Air Canada unveiled its first Airbus A220-300 to reporters and business partners at a 15 January event, coming one day before it places the Quebec-made twin-jet into revenue service.
Executives at the unveiling, held in an Air Canada hangar, described the A220 introduction as a victory for Canadian industry, noting Montreal-based Air Canada is the first Canadian carrier to acquire the Quebec-built jet.
They also insisted the A220 will help transform Air Canada’s network by driving down costs and enabling it to launch previously untenable routes.
“The arrival of a new aircraft is always a major event for an airline… The A220, especially so,” says Air Canada chief executive Calin Rovinescu.
“The capacity and range of the A220 will open new markets. It will allow us to continue to expand our… already extensive North American network and support our global strategy.”
Air Canada will launch its first revenue A220 flight on 16 January between Montreal and Calgary. It will soon add A220 flights on existing routes, such as from Montreal and Toronto to places like Ottawa, Winnipeg, Edmonton and New York-LaGuardia, Air Canada says.
Air Canada also plans to use A220s to launch two new routes starting on 4 May: Montreal-Seattle and Toronto-San Jose, California.
Air Canada’s A220s have 137 seats, including 12 business-class seats and 125 economy seats. The airline has orders for 45 A220-300s, with deliveries running through 2022, according to Cirium fleets data.
It will use them partly to replace Embraer 190s scheduled for divestiture by year-end. Air Canada currently has 14 E190s in its fleet, Cirium data shows.
Powered by Pratt & Whitney PW1500G geared turbofans, A220-300s will burn 20% less fuel per seat than E190s, says Air Canada vice-president of network planning Mark Galardo.
“This aircraft fits Air Canada’s needs almost perfectly,” he says.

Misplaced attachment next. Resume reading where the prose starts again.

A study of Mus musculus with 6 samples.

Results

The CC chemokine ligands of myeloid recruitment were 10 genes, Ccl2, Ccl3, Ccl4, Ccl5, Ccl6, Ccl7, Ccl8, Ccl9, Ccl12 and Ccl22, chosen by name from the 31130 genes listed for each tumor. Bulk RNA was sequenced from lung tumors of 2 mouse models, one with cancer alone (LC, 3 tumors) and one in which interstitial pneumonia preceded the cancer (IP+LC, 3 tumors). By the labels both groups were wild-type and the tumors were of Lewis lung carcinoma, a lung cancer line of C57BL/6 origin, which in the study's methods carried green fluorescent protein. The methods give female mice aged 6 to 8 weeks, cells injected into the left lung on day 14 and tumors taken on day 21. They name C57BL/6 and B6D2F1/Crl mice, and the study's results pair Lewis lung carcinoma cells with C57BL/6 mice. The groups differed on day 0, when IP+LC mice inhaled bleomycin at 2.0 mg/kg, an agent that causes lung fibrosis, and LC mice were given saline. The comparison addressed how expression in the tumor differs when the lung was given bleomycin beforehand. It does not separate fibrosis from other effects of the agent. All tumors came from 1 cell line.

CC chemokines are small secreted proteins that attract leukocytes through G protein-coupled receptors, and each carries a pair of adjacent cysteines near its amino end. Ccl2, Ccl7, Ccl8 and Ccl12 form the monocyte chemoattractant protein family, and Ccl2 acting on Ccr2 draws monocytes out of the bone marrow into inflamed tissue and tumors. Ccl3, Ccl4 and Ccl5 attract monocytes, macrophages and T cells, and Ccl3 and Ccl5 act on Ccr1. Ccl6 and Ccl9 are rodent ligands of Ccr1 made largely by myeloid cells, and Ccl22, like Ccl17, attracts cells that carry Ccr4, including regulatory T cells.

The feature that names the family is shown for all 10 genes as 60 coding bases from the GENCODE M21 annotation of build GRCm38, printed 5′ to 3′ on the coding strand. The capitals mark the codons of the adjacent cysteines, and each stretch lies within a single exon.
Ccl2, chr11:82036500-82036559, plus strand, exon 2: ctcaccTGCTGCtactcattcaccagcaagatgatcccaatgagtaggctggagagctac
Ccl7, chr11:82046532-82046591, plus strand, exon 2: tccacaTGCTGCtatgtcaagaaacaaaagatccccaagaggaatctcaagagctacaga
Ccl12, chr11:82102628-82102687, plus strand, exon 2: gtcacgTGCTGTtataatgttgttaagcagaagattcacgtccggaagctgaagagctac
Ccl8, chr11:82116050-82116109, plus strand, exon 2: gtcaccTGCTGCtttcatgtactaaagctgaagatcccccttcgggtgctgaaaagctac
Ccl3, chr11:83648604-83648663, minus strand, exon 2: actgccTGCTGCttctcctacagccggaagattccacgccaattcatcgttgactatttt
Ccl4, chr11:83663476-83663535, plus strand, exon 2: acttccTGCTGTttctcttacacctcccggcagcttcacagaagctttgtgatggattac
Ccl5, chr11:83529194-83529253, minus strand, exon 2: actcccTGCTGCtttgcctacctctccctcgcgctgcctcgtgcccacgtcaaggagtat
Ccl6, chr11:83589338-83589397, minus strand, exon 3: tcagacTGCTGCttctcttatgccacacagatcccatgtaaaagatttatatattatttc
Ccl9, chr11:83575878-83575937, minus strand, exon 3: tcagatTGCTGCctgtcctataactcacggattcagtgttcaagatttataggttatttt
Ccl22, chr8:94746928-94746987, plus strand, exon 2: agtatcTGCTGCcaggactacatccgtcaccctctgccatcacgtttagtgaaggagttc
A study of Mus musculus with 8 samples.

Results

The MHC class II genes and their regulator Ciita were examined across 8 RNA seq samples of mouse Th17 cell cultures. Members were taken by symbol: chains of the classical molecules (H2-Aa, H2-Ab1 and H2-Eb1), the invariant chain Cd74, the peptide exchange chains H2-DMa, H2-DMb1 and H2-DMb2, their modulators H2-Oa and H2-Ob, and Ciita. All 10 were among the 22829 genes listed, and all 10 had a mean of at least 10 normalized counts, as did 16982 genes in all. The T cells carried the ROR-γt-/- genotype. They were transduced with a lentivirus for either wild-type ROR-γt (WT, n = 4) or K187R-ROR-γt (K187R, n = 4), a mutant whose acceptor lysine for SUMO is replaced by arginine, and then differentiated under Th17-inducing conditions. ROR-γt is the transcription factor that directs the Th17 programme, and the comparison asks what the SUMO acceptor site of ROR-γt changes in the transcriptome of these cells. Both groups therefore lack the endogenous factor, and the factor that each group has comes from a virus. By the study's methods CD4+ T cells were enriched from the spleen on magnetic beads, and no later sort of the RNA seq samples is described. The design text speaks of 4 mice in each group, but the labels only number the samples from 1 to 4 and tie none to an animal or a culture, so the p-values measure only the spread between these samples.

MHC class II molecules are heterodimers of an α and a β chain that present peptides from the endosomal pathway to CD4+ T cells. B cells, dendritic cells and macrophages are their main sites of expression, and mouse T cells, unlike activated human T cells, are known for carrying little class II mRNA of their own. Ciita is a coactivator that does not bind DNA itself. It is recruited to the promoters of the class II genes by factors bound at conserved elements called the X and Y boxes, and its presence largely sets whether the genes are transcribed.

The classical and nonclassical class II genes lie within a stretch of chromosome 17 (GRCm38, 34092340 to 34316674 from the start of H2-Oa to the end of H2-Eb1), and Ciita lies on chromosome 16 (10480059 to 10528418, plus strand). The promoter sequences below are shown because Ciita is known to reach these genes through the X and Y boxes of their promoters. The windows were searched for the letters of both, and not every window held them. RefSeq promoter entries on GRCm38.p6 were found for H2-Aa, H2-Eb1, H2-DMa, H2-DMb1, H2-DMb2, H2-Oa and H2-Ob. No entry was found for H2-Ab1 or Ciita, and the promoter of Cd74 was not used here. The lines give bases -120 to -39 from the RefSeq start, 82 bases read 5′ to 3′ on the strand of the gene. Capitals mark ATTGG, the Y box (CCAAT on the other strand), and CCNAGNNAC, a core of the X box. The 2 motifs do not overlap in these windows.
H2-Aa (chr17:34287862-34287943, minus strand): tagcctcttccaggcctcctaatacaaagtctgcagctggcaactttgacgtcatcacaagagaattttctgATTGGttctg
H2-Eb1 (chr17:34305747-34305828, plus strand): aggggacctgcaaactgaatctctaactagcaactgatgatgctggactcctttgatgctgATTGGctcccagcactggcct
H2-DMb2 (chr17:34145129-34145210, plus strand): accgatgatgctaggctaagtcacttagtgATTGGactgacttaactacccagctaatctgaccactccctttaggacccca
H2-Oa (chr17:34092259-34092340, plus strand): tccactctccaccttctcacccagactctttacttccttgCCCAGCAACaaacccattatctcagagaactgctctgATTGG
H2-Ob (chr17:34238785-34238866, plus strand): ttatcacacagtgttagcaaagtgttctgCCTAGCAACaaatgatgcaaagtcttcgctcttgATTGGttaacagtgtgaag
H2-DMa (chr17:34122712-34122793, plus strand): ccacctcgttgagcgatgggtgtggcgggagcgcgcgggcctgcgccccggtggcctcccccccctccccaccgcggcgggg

The A220-300’s 3,350nm (6,204km) range theoretically makes transatlantic passenger flights possible. But, due to operational limitations, Air Canada has no intention to seek the extended twin-engined operation approvals needed for such flights, Gelardo says.
Weight restrictions on transatlantic and transpacific flights would significantly limit passenger counts – perhaps to as few as 40 passengers – effectively making transoceanic A220 flights a “luxury niche” product, he says.
During the event, Rovinescu called the A220 “a product of innovation, of risk, of disrupting the market, of staying power” – a nod to the many struggles, financial and legal, Bombardier faced when developing the aircraft. “The aircraft programme almost did not make it.”
Bombardier laboured for roughly a decade to develop the aircraft, which it called CSeries. The project consumed much of the company’s resources and billions of dollars in government funding. Bombardier also successfully fought off a legal challenge from Boeing that threatened to impose tariffs on CSeries imported to the USA.
Additionally, Bombardier struggled to sell CSeries to major international carriers.
But in 2016 Air Canada provided CSeries with a major confidence boost by agreeing to buy at least 45 of the aircraft. Several months later, Delta Air Lines ordered 75 CSeries, and has since boosted its total commitments to 95 aircraft.
Still, Bombardier struggled under CSeries’ weight, eventually agreeing to dump majority ownership of the programme onto Airbus, free of charge.
Since then, Airbus has landed major A220 sales with Air France-KLM and JetBlue Airways.